Before you do anything, look more closely. Are all the plants equally infested or are there some with no or fewer aphids? If there are, you can take some leaves from one of those plants, mash them up a bit and put them in some water and leave it all in the shade for a couple of days, then strain the result and spray it on the affected plants. Another thing to try is get some seaweed solution and water the affected plants with it. Neither of these should harm the ladybugs.
Next, simply be patient. If there are huge numbers of aphids you should soon have larger numbers of aphid predators. So many even the ants wont be able to fend them all off.
Longer term solutions:
1. Add more minerals to your soil. An aphid infestation means that your plants are lacking in "minor" minerals. Packaged soils (in my experience) are often lacking in this way. In most parts of the country it doesn't matter, since plant roots can find some minerals from the native soil. But where the native soil is either total sand or very low on minerals from high temperatures and lots of rain, the plant roots cant find all the minerals they need. In the past I used pulverized granite and it solved the problem, but I can't find it for sale any more. I did just buy something called azomite but I haven't had it long enough to know if it will work equally well.
2. Make a place for weeds in the garden. Right now I have some dandelions covered with aphids and no aphids on my veggies 3 feet away. By keeping weeds growing around the garden, the aphid predators have a home and food all the time. Designate a spot or two for weeds and just let whatever comes up grow there and water it along with the garden. I know, it seems wacky to purposely grow weeds, but I've been doing it for years and my garden is healthier for it. Every so often, turn the weeds under or pull them off and compost them or use them for mulch. If you use them for mulch around your veggies, pull them before they make seeds. If no weeds want to grow on their own, you can get seeds of dandelions and some other barely domesticated greens and plant them.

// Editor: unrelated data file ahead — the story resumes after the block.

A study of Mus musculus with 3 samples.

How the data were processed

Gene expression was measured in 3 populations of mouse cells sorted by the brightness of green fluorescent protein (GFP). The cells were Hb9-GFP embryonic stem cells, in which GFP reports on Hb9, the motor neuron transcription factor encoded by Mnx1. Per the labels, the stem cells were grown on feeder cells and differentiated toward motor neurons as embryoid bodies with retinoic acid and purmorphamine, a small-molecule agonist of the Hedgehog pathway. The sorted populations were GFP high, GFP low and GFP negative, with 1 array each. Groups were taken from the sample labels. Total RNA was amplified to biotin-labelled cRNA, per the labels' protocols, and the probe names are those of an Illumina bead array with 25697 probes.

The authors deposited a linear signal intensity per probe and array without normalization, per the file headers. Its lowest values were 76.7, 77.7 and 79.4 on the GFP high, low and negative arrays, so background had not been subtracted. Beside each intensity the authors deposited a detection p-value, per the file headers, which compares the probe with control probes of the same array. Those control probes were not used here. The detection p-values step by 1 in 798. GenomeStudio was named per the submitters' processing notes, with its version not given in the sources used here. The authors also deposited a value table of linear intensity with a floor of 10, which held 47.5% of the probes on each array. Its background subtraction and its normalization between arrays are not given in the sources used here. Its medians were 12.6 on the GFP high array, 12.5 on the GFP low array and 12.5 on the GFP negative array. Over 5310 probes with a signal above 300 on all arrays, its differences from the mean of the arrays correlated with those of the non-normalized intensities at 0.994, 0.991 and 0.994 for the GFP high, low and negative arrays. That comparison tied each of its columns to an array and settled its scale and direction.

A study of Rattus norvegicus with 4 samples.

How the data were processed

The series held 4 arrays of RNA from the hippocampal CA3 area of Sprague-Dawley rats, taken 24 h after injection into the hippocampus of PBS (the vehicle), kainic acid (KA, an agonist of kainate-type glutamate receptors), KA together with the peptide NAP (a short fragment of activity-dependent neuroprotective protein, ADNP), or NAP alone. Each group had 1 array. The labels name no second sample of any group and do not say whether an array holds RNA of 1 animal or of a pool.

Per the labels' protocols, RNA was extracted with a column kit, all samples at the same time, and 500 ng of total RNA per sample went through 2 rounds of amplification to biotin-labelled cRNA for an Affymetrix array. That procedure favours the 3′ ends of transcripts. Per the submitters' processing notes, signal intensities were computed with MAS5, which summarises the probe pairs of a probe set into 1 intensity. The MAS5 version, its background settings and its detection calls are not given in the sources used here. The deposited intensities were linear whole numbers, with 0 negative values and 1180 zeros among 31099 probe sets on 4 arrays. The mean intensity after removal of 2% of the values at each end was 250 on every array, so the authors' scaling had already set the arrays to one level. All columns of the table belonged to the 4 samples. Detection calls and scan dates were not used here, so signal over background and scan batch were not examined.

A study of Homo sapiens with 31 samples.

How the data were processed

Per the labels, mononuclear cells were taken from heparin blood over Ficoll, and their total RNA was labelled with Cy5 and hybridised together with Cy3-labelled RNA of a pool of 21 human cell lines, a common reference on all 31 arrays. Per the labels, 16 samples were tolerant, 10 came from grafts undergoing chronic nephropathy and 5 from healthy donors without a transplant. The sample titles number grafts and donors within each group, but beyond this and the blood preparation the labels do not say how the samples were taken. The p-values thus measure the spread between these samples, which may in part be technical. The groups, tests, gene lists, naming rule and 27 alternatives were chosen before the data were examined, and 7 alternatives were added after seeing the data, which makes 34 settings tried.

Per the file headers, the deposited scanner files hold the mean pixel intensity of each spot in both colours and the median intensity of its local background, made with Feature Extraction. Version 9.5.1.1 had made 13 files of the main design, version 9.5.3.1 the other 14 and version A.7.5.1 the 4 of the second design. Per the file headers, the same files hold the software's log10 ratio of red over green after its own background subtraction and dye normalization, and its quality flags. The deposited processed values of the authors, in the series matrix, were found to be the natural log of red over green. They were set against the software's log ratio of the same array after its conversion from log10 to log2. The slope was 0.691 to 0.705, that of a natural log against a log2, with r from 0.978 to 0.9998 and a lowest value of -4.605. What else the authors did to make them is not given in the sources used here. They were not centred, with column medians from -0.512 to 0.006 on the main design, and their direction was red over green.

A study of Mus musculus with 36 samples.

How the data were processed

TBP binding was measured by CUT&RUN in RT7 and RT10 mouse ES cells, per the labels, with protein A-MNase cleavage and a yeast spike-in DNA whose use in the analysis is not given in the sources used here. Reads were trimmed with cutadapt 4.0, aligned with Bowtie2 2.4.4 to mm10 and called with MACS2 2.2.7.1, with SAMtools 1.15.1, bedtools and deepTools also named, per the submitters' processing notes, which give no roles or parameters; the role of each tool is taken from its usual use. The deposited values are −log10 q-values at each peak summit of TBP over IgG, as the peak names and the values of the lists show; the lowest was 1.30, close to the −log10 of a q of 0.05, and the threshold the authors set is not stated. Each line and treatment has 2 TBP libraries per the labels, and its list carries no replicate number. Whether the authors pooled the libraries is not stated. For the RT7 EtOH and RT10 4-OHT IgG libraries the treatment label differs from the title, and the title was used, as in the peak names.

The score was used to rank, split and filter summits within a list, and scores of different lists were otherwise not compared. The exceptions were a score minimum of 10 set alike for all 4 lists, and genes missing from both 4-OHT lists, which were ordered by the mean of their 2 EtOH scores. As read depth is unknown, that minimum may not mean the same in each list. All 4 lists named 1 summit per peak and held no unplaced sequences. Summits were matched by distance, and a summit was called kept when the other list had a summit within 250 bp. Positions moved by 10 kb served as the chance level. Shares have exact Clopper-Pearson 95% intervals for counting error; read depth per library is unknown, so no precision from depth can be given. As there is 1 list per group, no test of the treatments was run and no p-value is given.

3. You only mention tomatoes, so I don't know what else you might be growing. If it is only tomatoes, that is a monoculture and that is part of the problem. Try planting some black-eyed peas beside the tomatoes (they love the heat). You can get a bag of them from the grocery store (if they carry them) and plant them or buy seed which is more expensive. The black-eyed peas will feed the tomatoes as well as create greater diversity. If you dont want to eat the peas, cut down the plants right after they flower and plant more. You can lay them on the soil around the tomatoes as a mulch.
4. Do everything you can think of to increase the life in your soil. Make compost - as hot and dry as it is there, I would think pit composting would be the best bet. Dig a hole and put vegetable matter in it. Since your soil is pretty sterile you probably need to add compost starter. Keep it moist (you can pee in it) and shaded. Add some potting soil that has live microorganisms in it. Maybe add earthworms if they don't show up on their own. When the hole is filled with finished compost, plant in it.
One thing that would help with your water use would be to line your planting holes with something that would retard the escape of water. Water in sand tends to go straight down more than fanning out sideways. I wonder if putting a large rock or stepping stone in the bottom of the hole would keep water from escaping. Mulch on the top of the soil will keep water from evaporating upward. Generally I don't like to use plastic in gardening, but I wonder if plastic mulch (the kind with breathing holes) lining the sides of the hole would decrease the need for water. You could also use a layer of clay to make a sort of on-the-spot pot which would hold back water and give the plants minerals at the same time. The only source of clay I can think of is pottery clay and I'm not sure if it has any minerals that could be toxic. How about burying large terracotta pots and planting in them? Probably expensive. I'll be gardening in Florida sand in a few years as opposed to worn out Savannah, GA soil so I've been giving these things some thought.